There were only five initial public offerings in the US market in the third quarter, with no IPO activity after early August. In Europe, withdrawn IPOs were at the highest level in the past five years in the third quarter, with 51 issues worth a potential $14.4 billion pulled from the pipeline, according to Thomson Reuters.
With global stock markets falling sharply in early October, a fourth-quarter rebound in IPOs appeared unlikely. “To the disappointment of many US underwriters, there was no post-Labor Day boom in the equity market as seen in previous years,” Thomson Reuters said in a report on equity capital markets in the third quarter. Market conditions were deemed hazardous, it said.
Banks seeking to raise additional capital to offset rising loan losses or to fund acquisitions bolstered equity capital market volume, despite the dearth of IPOs. US equity capital market proceeds totaled more than $191 billion in the first nine months of 2008, a rise of 14.2% compared to the same period a year earlier. However, the number of deals fell by 43.2%.
Bank of America raised $10 billion on October 7, a day on which its stock price dropped by 26% following the announcement of worse-than-expected earnings and a dividend cut. Two weeks earlier Goldman Sachs raised $5.7 billion from investor Warren Buffett’s Berkshire Hathaway. Before then, J.P. Morgan raised $11.5 billion.
Global equity and equity-related underwriting volume in the first nine months of 2008 fell to $389 billion, the lowest since the first nine months of 2005, according to Thomson Reuters. The level for the third quarter was 44% below that of the previous quarter.
Despite the decline in global issuance, the Saudi Arabian market experienced a 162% increase in equity issuance in the first nine months of 2008 compared to the same period a year earlier. The Saudi stock exchange also had the third-highest number of new listings, with six IPOs in the first three quarters of this year. Saudi Arabia, helped by oil profits and a government focused on diversifying its economy, was the only country to experience an increase in total proceeds in the third quarter, according to Greenwich, Connecticut-based Renaissance Capital. Soaring gold prices helped Saudi gold miner Ma’aden complete a $2.5 billion IPO, the largest of the third quarter.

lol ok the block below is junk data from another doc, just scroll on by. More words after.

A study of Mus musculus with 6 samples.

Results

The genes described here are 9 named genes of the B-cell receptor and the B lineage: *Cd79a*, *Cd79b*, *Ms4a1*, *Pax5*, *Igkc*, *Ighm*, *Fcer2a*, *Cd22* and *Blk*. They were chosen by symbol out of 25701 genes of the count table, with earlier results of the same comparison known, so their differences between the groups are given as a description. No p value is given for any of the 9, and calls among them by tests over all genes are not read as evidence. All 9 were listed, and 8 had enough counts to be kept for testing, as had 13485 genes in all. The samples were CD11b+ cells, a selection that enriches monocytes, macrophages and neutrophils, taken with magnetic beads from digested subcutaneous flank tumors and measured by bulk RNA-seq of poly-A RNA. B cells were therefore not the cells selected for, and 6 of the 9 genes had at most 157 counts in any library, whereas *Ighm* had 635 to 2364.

While the emerging markets hosted nine of the 10 largest IPOs in the third quarter, year-over-year activity still declined sharply. Since peaking in the fourth quarter of 2007 with $33.1 billion in capital raised, IPO activity fell to just $2.3 billion in the third quarter of 2008 in the BRIC countries (Brazil, Russia, India and China). This was the slowest quarter for BRIC IPOs since the third quarter of 2005, according to Renaissance Capital.
“While the recent re-capitalization of market bellwethers General Electric and Goldman Sachs may shore up confidence in the equity markets in coming months, we do not foresee a full recovery of the IPO market until returns improve significantly,” Renaissance Capital said in a report on its IPOhome.com website. “This will require that underwriters price deals conservatively and that management teams lower internal valuation expectations,” it said.
Fairfield, Connecticut-based General Electric sold $12.2 billion of new shares to finance its operations. Warren Buffett’s Berkshire Hathaway purchased an additional $3 billion in GE’s preferred shares.
Goldman Sachs raised $5 billion in a public offering of common shares. In addition, Berkshire Hathaway made a $5 billion strategic investment in Goldman Sachs in the form of perpetual preferred stock. Berkshire Hathaway also received warrants to purchase $5 billion of Goldman Sachs common stock at $115 a share at any time in the next five years.
J.P. Morgan led the equity and equity-related underwriter rankings in the first nine months of 2008, with $51 billion in proceeds, according to Thomson Reuters. Citi ranked second, with $37.9 billion in proceeds.